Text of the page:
This post is the fifth in a series of predictions from legal and business experts about the directions cyberlaw policy might take in 2013, solicited by editors of BNA's Electronic Commerce & Law Report during the closing weeks of 2012. We asked that the remarks be brief -- something along the lines of a Twitter "tweet" or an elevator pitch. Over 100 attorneys, law professors, online business executives, policy advocates and other cyberlaw experts responded, producing 307 separate assessments, predictions, or just plain complaints regarding any of the many legal subject areas that affect online businesses.
The Internet Corporation for Assigned Names and Numbers, after a very long, messy, seemingly ad hoc, and at-times troubled gestation period, is about to midwife a large number of new top-level internet domains. In all of this, ICANN has done (sort of) exactly what the U.S. Department of Commerce asked it to do in the 1998 Memorandum of Understanding: create new top-level domains, bring competition to the domain name industry, and operate through a bottom-up, consensus-based process. If the new gTLD process plays out as designed, the domains that eventually emerge in 2013-14 will be those chosen by, and financed by, private industry -- not by ICANN or by a government agency.
As anyone who has followed this process knows, many trademark owners see the new top-level domains as fertile ground for cybersquatters (I will publish their views in the next post). Today, however, I'm publishing the views of those who see innovation, consumer benefits, and mostly positive change coming from the new top-level domains.
The experts' views:
Despite 10 years' preparation, ICANN swamped by 2,000 new gTLD applications, many from brands concerned about cybersquatting. New gTLDs accredited in 2012: zero. Christine Jones, @attyjones, Former General Counsel, GoDaddy.com, Phoenix, Ariz.
The new Top-Level Domain program, and the myriad of new laws that underpin it, including IP, trademark and privacy legislation, will see a paradigm shift in how the internet is consumed across the globe. Adrian Kinderis, @AdrianKinderis, Chief Executive Officer, ARI Registry Services, Melbourne & Los Angeles.
2013 will be the year of New gTLDs and the beginning of a dramatic and long overdue expansion of the domain name space! Kathryn Kleiman, @KleimK, Internet Counsel, Fletcher Heald & Hildreth, Arlington, Va.
2013 may see the domain name floodgates open if ICANN finally moves ahead with its new gTLD program. Conventional wisdom is that this will lead to massive cybersquatting in the new domains, and I agree. But the real story will be the beginning of the end of the domain name system, as domain confusion sends more and more consumers into search. David Bernstein, Partner, Debevoise & Plimpton LLP, New York, N.Y.
New gTLDs will start appearing at the rate of 20 per week from mid 2013. The strategy of defensive registrations in all TLDs will be prohibitively expensive, an unrealistic option for nearly all brands. Brand owners need to determine their registration strategy - from both a brand protection and brand promotion perspective--in early 2013 to be ready for the rush. Martin Burke, @melbourneitdbs, EVP, Melbourne IT DBS, London.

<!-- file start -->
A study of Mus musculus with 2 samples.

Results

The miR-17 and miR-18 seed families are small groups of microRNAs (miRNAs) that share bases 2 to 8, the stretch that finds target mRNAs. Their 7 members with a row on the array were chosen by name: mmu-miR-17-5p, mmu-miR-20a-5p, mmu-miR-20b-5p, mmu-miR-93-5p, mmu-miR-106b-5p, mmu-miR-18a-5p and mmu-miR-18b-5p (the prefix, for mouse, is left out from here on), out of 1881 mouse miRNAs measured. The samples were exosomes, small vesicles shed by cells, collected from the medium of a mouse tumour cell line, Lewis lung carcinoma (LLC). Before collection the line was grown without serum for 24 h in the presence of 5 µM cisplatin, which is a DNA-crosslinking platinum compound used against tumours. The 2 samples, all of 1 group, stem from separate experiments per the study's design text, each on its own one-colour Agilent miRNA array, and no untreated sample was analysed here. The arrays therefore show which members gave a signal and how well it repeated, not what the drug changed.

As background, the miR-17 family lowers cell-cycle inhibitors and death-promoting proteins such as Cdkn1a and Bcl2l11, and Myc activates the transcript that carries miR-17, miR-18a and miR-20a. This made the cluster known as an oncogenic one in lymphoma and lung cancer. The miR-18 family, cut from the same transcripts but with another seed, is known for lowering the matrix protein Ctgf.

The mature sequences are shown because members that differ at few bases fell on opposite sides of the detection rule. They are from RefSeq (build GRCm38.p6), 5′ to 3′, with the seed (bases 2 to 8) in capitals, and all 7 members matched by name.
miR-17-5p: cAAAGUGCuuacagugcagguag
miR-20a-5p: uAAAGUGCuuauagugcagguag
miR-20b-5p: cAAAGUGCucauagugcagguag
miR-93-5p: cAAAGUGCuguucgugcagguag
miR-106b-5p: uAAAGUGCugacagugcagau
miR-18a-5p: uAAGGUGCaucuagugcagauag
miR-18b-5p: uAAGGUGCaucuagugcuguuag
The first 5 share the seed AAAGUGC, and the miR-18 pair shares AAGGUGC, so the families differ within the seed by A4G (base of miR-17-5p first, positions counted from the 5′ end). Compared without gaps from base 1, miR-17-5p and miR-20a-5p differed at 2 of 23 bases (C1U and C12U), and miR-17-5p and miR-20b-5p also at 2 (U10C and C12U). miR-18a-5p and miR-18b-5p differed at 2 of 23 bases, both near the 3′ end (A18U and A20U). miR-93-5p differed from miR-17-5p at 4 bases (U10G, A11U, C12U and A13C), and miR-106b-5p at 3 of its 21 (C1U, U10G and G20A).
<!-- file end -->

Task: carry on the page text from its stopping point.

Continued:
The internet is about to get much larger--are you ready? In Spring 2013 a few hundred new domain registries (i.e., new .com's) will go live. The potential pitfalls and possibilities are tremendous. Brand owners are going to have to prioritize and develop new strategies to leverage and monitor new gTLDs in a rapidly expanding world. David Mitnick, @domainskate, Founder and President, Domain Skate LLC, New York, N.Y.
One of the greatest innovations that will impact the internet is the expansion to include internationalized domain names (IDNs)--the ability to utilize non-Latin characters. New TLDs in Chinese, Arabic, Cyrillic, etc. will have enormous consequences and dramatically transform the internet. Ellen Shankman, Principal, Advocate, Notary, Ellen B. Shankman & Associates, Rehovot, Israel.
With the litany of generic top-level domain (gTLD) applications filed this year and the impending roll out, lawyers/clients will want to follow this electronic land rush and the related disputes that develop. Joseph Geisman, @JoeGeisman, Vice President, Business and Legal Affairs, Maize Marketing, Los Angeles.
How much the new TLDs will spawn real innovation, rather than merely virtual real estate monetization game-changers, remains an interesting open question. Ellen Shankman, Principal, Advocate, Notary, Ellen B. Shankman & Associates, Rehovot, Israel.
If the arrival of hundreds of new gTLDs in 2013 wasn't enough, the growing trend among ccTLD operators to shift from a third level (example.co.uk) to second level (example.uk) registration model adds more complexity for brand owners. Japan and China have already made the shift, while the UK and New Zealand are mulling it over--with others sure to follow. Martin Burke, @melbourneitdbs, EVP, Melbourne IT DBS, London.
Ultimately it's all about "trust." Whether users will gravitate to new domain names, social media platforms or rely on search engines, the most important factor is one of "trust." Ellen Shankman, Principal, Advocate, Notary, Ellen B. Shankman & Associates, Rehovot, Israel.
Everyone I know said that opening up the internet so anyone can own a ".com" or ".whatever" was a terrible idea. But what is the alternative? If ICANN simply keeps the internet root zone "as is" does that keep would-be participants out? A multistakeholder internet is critical to global progress and giving everyone the opportunity to have an actual "stake" is definitely one way to foster this goal. David Mitnick, @domainskate, Founder and President, Domain Skate LLC, New York, N.Y.